Now Playing: ‘Project Almanac’ strays from the fundamentals

Jackson French

Jackson French

“Project Almanac” starts off with plenty of potential. However, an intriguing teaser at the beginning and an initially realistic approach to the story only makes its eventual fall into mediocrity more disappointing.  

A genius high school student named David Raskin, played by Jonny Weston, finds a video where he, as a teenager, appears at his own seventh birthday party. Heeding this call to adventure, he and his friends build a time machine based on his dad’s old blueprints. For about half an hour, the movie follows a refreshingly logical and entertaining route.

However, the story throws away all its potential when the obligatory romance gets shoehorned in. Once Raskin’s love interest (Sofia Black-D’Elia as Jessie Pierce) becomes a featured part of the story, director Dean Israelite abandons his thoughtful approach to time travel.


“Project Almanac” becomes a story of teenagers using time travel for the most petty of reasons—from getting revenge for a minor transgression to passing a pop quiz. They even go to Lollapalooza to promote Imagine Dragons in an obvious flurry of product placement.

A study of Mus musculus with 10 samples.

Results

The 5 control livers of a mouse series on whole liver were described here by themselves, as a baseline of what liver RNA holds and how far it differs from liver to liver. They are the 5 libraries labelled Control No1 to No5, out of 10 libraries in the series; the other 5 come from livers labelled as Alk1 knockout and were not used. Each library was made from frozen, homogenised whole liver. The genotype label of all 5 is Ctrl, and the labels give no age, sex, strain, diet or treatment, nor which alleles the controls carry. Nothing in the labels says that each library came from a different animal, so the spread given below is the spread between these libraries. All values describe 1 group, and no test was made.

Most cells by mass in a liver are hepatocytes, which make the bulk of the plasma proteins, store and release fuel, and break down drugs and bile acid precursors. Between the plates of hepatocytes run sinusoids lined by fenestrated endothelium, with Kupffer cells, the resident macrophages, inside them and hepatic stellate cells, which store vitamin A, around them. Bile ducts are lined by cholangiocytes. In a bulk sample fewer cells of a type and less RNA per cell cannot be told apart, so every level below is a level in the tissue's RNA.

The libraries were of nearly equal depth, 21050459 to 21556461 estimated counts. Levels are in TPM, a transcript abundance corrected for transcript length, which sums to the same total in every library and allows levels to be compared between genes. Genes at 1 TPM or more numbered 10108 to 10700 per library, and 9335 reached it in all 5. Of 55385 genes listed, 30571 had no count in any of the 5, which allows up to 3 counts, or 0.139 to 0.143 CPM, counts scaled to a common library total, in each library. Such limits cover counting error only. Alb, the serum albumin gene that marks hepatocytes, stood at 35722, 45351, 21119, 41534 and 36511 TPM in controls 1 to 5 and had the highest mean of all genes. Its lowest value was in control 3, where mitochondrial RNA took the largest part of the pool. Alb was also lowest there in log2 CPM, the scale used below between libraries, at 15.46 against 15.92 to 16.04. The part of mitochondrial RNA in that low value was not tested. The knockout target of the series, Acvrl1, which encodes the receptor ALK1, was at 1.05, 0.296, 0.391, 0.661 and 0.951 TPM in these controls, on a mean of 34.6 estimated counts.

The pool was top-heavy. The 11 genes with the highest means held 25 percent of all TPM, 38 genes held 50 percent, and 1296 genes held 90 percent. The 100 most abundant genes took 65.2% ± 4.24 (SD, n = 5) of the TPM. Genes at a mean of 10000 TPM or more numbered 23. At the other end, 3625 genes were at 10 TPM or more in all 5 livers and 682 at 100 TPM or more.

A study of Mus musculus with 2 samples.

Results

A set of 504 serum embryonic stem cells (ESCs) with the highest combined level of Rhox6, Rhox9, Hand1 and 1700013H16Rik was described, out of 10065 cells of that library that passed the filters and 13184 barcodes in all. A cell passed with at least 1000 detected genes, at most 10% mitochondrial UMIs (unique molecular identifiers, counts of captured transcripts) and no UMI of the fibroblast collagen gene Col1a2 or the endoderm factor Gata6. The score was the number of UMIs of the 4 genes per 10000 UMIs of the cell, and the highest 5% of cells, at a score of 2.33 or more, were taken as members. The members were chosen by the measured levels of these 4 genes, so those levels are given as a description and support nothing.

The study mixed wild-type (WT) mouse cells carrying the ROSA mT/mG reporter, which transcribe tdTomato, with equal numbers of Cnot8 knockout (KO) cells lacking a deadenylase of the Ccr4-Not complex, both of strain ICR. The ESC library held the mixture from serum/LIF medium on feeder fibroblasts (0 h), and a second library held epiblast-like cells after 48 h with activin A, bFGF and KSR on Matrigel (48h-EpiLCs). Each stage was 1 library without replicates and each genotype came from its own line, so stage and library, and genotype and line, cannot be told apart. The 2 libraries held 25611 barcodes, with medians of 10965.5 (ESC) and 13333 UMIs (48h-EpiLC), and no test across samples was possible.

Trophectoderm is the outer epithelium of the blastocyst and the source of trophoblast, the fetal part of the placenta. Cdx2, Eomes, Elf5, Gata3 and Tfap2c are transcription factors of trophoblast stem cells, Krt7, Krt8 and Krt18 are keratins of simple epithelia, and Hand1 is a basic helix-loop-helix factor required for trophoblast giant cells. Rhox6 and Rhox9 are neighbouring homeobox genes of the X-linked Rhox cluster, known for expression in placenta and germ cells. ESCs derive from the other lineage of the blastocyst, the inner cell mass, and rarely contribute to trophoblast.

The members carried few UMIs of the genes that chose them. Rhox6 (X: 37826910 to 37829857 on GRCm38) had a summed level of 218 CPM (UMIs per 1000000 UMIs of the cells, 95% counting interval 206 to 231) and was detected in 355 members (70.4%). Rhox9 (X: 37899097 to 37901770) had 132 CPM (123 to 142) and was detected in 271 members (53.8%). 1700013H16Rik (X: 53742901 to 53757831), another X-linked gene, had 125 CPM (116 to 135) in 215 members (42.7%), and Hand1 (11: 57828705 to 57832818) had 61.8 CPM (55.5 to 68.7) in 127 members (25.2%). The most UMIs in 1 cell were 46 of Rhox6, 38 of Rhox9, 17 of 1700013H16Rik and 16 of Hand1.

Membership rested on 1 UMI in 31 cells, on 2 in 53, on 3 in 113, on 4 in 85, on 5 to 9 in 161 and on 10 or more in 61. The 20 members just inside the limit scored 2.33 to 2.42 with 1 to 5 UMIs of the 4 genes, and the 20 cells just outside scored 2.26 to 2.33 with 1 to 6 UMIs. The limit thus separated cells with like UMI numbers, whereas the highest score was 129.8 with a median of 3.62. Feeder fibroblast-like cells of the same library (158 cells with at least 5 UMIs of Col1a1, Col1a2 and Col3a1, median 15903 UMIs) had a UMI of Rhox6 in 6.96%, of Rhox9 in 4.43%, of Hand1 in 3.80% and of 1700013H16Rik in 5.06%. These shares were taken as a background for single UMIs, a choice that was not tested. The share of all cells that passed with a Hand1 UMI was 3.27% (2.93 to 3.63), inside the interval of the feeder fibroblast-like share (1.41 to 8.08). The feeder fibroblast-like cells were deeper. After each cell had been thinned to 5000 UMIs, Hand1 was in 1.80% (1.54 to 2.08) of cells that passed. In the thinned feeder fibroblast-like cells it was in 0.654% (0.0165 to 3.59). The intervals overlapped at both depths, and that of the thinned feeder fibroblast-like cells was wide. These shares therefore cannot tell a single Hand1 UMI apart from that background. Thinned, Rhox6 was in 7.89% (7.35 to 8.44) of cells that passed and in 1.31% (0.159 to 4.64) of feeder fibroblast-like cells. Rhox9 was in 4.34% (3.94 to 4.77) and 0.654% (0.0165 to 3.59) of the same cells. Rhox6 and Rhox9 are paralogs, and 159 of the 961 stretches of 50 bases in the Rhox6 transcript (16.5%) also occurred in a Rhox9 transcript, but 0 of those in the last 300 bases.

Though the plot has obvious flaws, the misuse of the found footage technique is its most frustrating aspect. The characters film everything, including crimes they commit, lunchroom conversations, classes and even themselves watching videos on the Internet. Half the time, the script doesn’t even bother coming up with a flimsy excuse for why Raskin’s sister is constantly filming what happens. 

This habit of filming everything is solely for the audience’s benefit and makes no sense in the context of the story, which repeatedly takes the viewer out of the experience.

“Project Almanac” might have been good if it had stuck with its clever approach. Instead, a fixation with a shooting method that isn’t appropriate and a boring romance detracts from this movie’s merit.